Battling companies compound Arrowhead woes
Rebosis chose not to pay a dividend in its latest reporting season while the dividends from Dipula Income Fund and Indluplace Properties have shrunk
Arrowhead Properties’s investments in other property companies have come back to bite it in 2019.
Arrowhead was formed by the late SA real estate doyen Gerald Leissner.
Rebosis Property Fund, Dipula Income Fund and Indluplace Properties have all performed poorly recently, compounding the challenges Arrowhead has faced at its directly held properties that have made the company’s financial year to September difficult.
Rebosis chose not to pay a dividend in its latest reporting season while the dividends from the other companies have shrunk.
During the year under review Arrowhead merged with Gemgrow Properties, creating a company with improved liquidity, nearly R11bn worth of assets and a market capitalisation of about R6bn.
The merged entity retained the Arrowhead name while maintaining Gemgrow’s dual A and B share structure, to appeal to shareholders with varying risk appetites. Investors in A shares, who tend to be risk averse, have a preferential claim to earnings and are paid their dividends before B-share investors are paid.
The group’s A share delivered a dividend of 111.51c per share while its B-share dividend fell 7.2% from 74.10c to 68.74c for the year to September.
But CEO Mark Kaplan said Arrowhead’s portfolio is being refined and the company is focused on getting most of its income from its directly held SA properties.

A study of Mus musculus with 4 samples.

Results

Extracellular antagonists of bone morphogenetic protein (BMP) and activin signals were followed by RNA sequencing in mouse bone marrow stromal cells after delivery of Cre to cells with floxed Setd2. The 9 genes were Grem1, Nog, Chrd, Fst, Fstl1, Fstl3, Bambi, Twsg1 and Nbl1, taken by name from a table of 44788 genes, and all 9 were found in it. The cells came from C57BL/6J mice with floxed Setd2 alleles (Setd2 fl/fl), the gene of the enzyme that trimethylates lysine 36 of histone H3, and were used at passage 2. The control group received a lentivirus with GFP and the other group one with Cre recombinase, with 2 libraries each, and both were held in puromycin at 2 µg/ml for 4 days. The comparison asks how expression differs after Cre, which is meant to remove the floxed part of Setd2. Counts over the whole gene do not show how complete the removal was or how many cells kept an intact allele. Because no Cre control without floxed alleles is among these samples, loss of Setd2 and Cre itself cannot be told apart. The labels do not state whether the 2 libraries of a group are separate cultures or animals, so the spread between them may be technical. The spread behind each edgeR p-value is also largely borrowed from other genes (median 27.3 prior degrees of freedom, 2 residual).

“It’ll take time but we are becoming more and more confident about our local portfolio. We are able to get at least 80% of our income from directly held property now. While the B-share dividend will see negative growth in 2020, the fund will normalise and will be positioned to perform well when SA’s economy recovers,” he said.
A number of market commentators said they expected worse results from the diversified property group and praised the management’s restructuring of the portfolio.
“Arrowhead’s results are a lot better than many people expected. The B-share dividend only shrank in the single digits and they have managed to sell more than R500m worth of weaker assets,” said Evan Robins, a fund manager at Old Mutual Investment Group.
Senior portfolio manager at Stanlib Nesi Chetty said Arrowhead’s management will have to work through the fund’s portfolio to find an optimal mix of assets, and investors will have to be patient.
Arrowhead’s B shares closed 7% higher at R3.65 on Wednesday.